This shrubby, fern-like plant is similar to many other types of invasive Asparagus weeds, however, is very robust and smothering in forest understory. It was introduced as an ornamental plant in pots and gardens but has become highly invasive where berries are spread into bushland by birds. It can also be known as pom-pom asparagus.
Native to southern Africa, Ming asparagus fern spreads readily from cultivated areas to create monocultures in bushland. The fronds are covered in small spines, and the dense clumps restrict movement of people and animals. Their spread reduces available habitat and has negative impacts on soil health.
Ming asparagus fern stems arise from a single crown, becoming very robust with age and spreading to a 3x3m clump. Stems are thin and green when young, becoming thick and whitish with age. Prickles are found on all stems. The needle-like green leaves (or cladodes) are arranged in clusters of 20-30, resembling pom-poms. White flower clusters appear in Summer, followed by green to purple-black berries.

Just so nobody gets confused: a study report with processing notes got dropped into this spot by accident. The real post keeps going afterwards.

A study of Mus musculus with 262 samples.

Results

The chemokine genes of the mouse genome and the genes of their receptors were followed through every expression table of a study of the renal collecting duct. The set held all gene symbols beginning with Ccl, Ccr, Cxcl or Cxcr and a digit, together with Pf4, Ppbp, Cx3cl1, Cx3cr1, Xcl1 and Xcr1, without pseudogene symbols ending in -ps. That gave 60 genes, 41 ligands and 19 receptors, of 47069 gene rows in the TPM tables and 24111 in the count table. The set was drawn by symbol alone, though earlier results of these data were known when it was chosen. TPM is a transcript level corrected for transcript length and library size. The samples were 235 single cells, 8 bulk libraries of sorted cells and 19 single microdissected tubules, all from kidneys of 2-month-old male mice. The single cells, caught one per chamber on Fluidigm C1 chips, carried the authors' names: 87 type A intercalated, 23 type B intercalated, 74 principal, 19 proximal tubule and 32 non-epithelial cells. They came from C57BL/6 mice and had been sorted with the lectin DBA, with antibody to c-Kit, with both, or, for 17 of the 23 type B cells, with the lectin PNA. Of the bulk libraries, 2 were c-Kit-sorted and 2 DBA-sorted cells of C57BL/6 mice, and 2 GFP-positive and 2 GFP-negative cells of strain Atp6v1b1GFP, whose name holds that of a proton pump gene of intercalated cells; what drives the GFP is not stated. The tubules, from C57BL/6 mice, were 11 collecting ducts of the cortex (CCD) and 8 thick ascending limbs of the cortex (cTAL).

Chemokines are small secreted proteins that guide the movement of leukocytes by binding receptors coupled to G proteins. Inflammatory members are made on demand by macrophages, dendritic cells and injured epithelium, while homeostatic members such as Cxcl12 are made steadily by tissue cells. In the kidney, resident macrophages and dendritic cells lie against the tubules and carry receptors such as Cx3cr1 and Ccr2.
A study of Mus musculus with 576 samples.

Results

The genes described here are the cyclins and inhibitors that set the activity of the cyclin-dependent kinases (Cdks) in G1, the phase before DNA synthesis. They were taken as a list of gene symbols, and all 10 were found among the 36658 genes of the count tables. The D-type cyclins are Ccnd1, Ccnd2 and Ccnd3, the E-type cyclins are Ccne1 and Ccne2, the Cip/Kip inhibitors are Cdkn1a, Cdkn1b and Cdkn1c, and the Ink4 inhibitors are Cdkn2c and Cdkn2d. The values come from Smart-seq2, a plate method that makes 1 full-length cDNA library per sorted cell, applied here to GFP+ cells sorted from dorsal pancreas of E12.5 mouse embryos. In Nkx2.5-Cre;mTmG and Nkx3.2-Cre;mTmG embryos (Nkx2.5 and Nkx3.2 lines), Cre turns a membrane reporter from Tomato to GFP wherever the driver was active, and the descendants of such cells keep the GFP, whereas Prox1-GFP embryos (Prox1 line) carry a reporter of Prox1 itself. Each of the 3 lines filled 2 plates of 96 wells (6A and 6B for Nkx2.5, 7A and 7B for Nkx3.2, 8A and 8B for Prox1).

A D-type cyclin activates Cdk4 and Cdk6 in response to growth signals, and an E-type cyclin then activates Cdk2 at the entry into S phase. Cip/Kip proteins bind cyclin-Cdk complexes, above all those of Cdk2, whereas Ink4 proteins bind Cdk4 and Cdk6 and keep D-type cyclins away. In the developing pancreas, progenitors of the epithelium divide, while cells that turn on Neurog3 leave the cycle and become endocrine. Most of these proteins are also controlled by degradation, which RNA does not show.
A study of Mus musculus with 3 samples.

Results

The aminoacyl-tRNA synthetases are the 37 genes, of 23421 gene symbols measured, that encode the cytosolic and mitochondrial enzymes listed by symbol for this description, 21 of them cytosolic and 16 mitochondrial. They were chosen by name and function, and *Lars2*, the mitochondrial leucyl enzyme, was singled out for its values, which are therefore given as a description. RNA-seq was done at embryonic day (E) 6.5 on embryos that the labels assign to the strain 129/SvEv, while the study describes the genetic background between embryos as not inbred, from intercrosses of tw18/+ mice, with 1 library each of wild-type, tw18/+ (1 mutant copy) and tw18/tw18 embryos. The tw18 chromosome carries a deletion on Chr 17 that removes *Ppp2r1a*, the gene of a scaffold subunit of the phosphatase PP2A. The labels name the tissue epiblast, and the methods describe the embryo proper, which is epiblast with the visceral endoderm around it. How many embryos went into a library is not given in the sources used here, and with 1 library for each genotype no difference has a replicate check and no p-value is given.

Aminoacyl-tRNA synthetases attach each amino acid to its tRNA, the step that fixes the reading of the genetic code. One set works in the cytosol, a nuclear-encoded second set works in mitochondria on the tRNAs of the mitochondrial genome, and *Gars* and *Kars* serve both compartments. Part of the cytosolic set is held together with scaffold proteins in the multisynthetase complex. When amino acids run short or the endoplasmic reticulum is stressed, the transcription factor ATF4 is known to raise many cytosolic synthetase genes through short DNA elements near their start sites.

Ming asparagus fern is a priority weed on the North Coast. It should be eradicated when detected but can be difficult to remove or control. It cannot be sold or traded in this region. Further information and control options are detailed in the NSW WeedWise app, which is free to download, or on the website here: NSW WeedWise
If you find this weed on your property, Council’s Biosecurity Officer is happy to provide advice to help you bring this nasty weed under control.